Wednesday, January 13, 2010

Essay: "Landfalls and Departures." Joseph Conrad.

One-minute review: The effects of landfalls and departures on the commander of a ship. The ultimate landfall and departure come together at the moment of death.


“Some commanders of ships take their departure from the home coast sadly, in the spirit of grief and discontent. They have a wife, children perhaps, some affection at any rate…that must be left behind for a year or more.”

“…no sailor is really good-tempered during the first few days of a voyage. There are regrets, memories, the instinctive longing for the departed idleness, the instinctive hate of all work. Besides, things have a knack of going wrong at the start, especially in the matter if irritating trifles. And there is the abiding thought of a whole year of more or less hard life before one….”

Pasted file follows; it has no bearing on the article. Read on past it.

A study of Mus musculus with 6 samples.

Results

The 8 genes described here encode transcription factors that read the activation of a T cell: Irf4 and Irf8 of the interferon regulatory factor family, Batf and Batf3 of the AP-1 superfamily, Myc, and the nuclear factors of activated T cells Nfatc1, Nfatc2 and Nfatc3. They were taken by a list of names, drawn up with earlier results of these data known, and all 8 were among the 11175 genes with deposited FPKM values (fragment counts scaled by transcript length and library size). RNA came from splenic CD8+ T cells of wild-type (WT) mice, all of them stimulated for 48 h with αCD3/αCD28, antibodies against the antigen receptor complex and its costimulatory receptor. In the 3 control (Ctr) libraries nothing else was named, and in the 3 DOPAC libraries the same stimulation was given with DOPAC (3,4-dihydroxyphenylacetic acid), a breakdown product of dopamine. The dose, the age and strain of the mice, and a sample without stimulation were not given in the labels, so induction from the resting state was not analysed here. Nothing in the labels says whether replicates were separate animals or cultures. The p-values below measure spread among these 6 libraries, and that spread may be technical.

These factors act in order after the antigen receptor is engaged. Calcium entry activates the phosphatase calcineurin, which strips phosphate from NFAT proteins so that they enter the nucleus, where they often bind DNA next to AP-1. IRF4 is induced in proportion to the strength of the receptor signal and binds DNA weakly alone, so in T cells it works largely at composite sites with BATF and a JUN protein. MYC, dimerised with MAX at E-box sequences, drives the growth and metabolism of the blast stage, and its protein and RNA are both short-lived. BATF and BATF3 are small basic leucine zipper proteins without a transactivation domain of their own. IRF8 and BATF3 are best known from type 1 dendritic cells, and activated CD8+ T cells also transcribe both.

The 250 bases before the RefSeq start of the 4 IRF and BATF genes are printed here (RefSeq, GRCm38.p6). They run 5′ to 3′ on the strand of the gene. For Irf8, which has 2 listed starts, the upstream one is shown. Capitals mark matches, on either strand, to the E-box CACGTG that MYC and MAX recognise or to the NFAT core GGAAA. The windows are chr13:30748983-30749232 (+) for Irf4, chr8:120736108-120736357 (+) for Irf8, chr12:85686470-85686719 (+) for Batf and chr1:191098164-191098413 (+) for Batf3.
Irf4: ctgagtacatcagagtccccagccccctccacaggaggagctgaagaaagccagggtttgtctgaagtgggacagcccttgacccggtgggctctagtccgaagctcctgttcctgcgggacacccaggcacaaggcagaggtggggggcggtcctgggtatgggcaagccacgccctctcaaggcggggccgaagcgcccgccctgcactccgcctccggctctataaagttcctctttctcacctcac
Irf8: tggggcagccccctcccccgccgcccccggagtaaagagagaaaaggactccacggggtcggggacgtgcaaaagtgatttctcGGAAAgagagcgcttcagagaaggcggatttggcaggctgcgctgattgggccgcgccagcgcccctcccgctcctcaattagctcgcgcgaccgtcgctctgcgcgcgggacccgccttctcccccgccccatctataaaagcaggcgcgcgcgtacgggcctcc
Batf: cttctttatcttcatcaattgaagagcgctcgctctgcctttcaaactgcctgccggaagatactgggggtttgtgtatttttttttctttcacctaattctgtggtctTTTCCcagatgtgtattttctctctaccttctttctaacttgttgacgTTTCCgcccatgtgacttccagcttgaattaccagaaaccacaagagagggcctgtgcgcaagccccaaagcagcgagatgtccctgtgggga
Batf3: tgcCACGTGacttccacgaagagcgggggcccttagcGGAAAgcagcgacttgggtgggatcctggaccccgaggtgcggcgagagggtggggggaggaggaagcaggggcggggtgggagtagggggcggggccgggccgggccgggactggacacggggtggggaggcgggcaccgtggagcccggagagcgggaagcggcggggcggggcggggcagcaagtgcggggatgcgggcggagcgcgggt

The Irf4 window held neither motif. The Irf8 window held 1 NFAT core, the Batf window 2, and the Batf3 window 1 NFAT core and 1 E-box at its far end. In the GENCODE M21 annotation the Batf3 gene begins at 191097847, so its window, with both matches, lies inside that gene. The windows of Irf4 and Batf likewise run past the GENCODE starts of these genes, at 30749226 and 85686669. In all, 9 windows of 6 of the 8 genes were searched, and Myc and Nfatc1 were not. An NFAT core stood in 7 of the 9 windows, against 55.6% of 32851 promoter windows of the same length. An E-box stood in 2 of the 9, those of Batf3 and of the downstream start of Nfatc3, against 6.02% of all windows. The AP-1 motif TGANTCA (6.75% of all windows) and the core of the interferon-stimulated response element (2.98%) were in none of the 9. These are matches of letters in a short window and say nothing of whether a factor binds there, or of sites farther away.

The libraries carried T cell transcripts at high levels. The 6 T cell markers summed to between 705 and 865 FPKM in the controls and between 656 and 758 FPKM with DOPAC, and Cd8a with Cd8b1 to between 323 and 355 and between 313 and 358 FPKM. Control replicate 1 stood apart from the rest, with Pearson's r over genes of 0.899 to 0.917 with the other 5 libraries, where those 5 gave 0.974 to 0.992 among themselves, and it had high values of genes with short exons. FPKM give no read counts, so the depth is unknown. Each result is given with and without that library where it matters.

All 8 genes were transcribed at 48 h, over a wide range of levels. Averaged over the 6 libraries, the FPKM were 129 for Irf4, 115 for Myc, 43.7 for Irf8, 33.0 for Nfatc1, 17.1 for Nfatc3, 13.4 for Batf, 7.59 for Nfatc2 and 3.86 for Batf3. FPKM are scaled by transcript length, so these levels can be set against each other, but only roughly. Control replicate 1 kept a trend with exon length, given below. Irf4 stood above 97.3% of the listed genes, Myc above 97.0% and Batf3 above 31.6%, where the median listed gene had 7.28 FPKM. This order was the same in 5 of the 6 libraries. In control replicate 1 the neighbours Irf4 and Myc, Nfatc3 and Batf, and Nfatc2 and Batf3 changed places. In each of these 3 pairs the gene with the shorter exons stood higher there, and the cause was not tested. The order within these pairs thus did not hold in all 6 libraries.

“It is a great doctor for sore hearts, too, your ship’s routine, which I have seen soothe—at least for a time—the most turbulent of spirits.”

“Nowhere else than upon the sea do the days, weeks and months fall away quicker into the past.”

“If you happen to be in want of employment, remember that as long as I have a ship you have a ship too.”

“…the quiet, watchful care of the elderly, gentle woman who had borne him five children, and had not, perhaps, lived with him more than five full years out of the thirty or so of their married life.”

“…for in that voyage from which no man returns landfall and departure are instantaneous, merging together into one moment of supreme and final attention.”

Great Essays. Ed. Houston Peterson. New York: Washington Square Press, Inc. 1960.

What is an essay? “They are all prefaces. A preface is nothing but a talk with the reader; and they [essays] do nothing else.” Charles Lamb.